Computers: Software, security guidelines will be free to all, mandated for some agencies.

July 17, 2002|D. IAN HOPPER | ASSOCIATED PRESS

Creating a Good Housekeeping approval seal of sorts, the government is releasing standards and a software program that will help computer users configure their systems for maximum security against hackers and thieves.

The program will be available free to anyone and will be mandated for some federal agencies.

The Pentagon, National Security Agency and other agencies will join private partners today to announce the security standards for computers that run Microsoft Corp.'s Windows 2000. The operating system commonly is used by businesses and government.

The seal of approval comes in the form of a small program that probes computers for known security flaws and makes suggestions on how to eliminate holes used by hackers.

The unprecedented effort will have an immediate effect.

All Defense Department computers will be required to meet the standards immediately, and the White House is considering making the rest of the government follow suit.

Experts said the keys to success will be extending the standards to home and business users, making them simple enough for the public to understand and ensuring they stay ahead of increasingly sophisticated computer attackers.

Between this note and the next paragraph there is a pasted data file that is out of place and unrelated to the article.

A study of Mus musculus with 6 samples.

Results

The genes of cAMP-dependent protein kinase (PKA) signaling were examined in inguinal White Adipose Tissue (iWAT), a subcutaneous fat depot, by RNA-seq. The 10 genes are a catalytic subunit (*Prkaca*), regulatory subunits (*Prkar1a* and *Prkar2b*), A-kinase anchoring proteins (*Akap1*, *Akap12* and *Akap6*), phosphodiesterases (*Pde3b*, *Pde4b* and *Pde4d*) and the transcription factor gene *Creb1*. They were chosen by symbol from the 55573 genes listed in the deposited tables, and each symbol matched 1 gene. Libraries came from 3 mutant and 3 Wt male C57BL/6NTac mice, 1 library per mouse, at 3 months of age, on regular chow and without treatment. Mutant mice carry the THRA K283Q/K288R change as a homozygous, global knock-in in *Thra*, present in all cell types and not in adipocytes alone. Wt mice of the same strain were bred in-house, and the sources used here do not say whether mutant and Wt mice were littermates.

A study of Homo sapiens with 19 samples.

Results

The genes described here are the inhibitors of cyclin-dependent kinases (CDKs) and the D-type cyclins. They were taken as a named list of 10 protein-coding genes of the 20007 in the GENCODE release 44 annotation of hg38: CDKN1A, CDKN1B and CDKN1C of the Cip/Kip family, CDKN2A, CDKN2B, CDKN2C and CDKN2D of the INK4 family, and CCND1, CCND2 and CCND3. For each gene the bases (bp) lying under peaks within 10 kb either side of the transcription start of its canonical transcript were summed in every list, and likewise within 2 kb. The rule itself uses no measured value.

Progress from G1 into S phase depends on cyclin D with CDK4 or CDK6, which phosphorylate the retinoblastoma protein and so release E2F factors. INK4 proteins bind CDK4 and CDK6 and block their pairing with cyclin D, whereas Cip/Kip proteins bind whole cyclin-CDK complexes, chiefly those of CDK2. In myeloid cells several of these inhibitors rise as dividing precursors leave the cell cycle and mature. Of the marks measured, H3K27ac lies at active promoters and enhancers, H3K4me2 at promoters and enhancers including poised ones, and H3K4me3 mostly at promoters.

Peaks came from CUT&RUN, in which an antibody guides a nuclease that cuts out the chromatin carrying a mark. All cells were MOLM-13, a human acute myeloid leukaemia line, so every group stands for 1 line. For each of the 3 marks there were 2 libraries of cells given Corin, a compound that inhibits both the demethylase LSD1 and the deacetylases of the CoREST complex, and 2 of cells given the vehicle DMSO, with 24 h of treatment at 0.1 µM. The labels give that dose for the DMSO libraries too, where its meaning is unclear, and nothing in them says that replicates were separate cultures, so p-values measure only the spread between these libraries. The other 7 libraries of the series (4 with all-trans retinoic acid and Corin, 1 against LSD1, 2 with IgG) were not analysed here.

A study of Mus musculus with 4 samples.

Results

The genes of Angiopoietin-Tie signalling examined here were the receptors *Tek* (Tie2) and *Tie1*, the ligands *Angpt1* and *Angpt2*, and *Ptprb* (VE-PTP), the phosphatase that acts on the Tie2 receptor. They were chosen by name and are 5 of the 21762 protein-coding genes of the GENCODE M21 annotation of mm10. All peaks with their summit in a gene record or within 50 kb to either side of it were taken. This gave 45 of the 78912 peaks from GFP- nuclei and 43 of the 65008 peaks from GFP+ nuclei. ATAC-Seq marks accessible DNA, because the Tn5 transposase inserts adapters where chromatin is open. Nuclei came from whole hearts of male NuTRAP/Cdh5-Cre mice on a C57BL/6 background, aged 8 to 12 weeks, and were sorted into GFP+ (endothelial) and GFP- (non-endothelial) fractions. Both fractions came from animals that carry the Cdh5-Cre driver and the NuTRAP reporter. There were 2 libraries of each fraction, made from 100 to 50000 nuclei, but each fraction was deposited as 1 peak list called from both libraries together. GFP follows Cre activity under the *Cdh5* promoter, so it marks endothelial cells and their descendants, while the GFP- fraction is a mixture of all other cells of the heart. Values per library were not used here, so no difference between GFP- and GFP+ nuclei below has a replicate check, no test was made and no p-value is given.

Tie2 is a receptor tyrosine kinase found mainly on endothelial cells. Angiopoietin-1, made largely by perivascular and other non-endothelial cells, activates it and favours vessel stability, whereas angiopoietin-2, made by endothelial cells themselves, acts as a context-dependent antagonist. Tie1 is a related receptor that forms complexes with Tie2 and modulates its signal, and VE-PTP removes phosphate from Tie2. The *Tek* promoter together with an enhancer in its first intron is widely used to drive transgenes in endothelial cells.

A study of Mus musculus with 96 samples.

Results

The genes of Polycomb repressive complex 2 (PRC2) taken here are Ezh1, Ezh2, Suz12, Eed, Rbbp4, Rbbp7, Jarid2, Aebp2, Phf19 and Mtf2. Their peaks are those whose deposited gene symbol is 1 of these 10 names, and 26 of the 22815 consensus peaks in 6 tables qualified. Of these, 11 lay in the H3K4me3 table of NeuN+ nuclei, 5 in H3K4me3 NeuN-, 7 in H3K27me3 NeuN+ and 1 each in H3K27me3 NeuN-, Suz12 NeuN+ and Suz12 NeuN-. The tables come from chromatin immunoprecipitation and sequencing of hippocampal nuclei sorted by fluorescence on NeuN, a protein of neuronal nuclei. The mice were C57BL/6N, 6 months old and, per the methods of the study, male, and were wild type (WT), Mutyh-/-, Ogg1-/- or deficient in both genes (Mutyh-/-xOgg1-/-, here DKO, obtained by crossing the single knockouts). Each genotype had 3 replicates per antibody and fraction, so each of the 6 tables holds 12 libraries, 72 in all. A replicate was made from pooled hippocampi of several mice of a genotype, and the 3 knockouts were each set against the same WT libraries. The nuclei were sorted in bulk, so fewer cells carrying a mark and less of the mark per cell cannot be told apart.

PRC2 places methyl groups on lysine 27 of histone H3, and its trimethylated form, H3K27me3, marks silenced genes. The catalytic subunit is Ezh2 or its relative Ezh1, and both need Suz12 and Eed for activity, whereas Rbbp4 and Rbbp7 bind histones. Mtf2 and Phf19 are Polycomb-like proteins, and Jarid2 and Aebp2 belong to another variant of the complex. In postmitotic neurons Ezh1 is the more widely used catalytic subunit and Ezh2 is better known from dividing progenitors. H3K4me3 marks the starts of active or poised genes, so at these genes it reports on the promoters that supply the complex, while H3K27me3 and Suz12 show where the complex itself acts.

"If it's just government, it won't have as much value as if it's government and the private sector," said Richard Clarke, President Bush's computer security advisor.

The private partners in the project have their eyes set on broadening the standards to other operating systems, including the Windows products most commonly used in home computers.

"It's a massive problem," said Clint Kreitner, head of the Center for Internet Security, a nonprofit partnership of companies and U.S. and Canadian government agencies. "They slap their systems on the Net and get ready to go, then wonder why they get breached in the next 10 minutes."

The effort has brought together some of the biggest names in business, including computer chipmaker Intel Corp., Chevron and Visa--part of the group that helped create the standards and is encouraging their use.

Microsoft, which is embarking on its own efforts to make its software more secure, has reviewed the standards and made suggestions.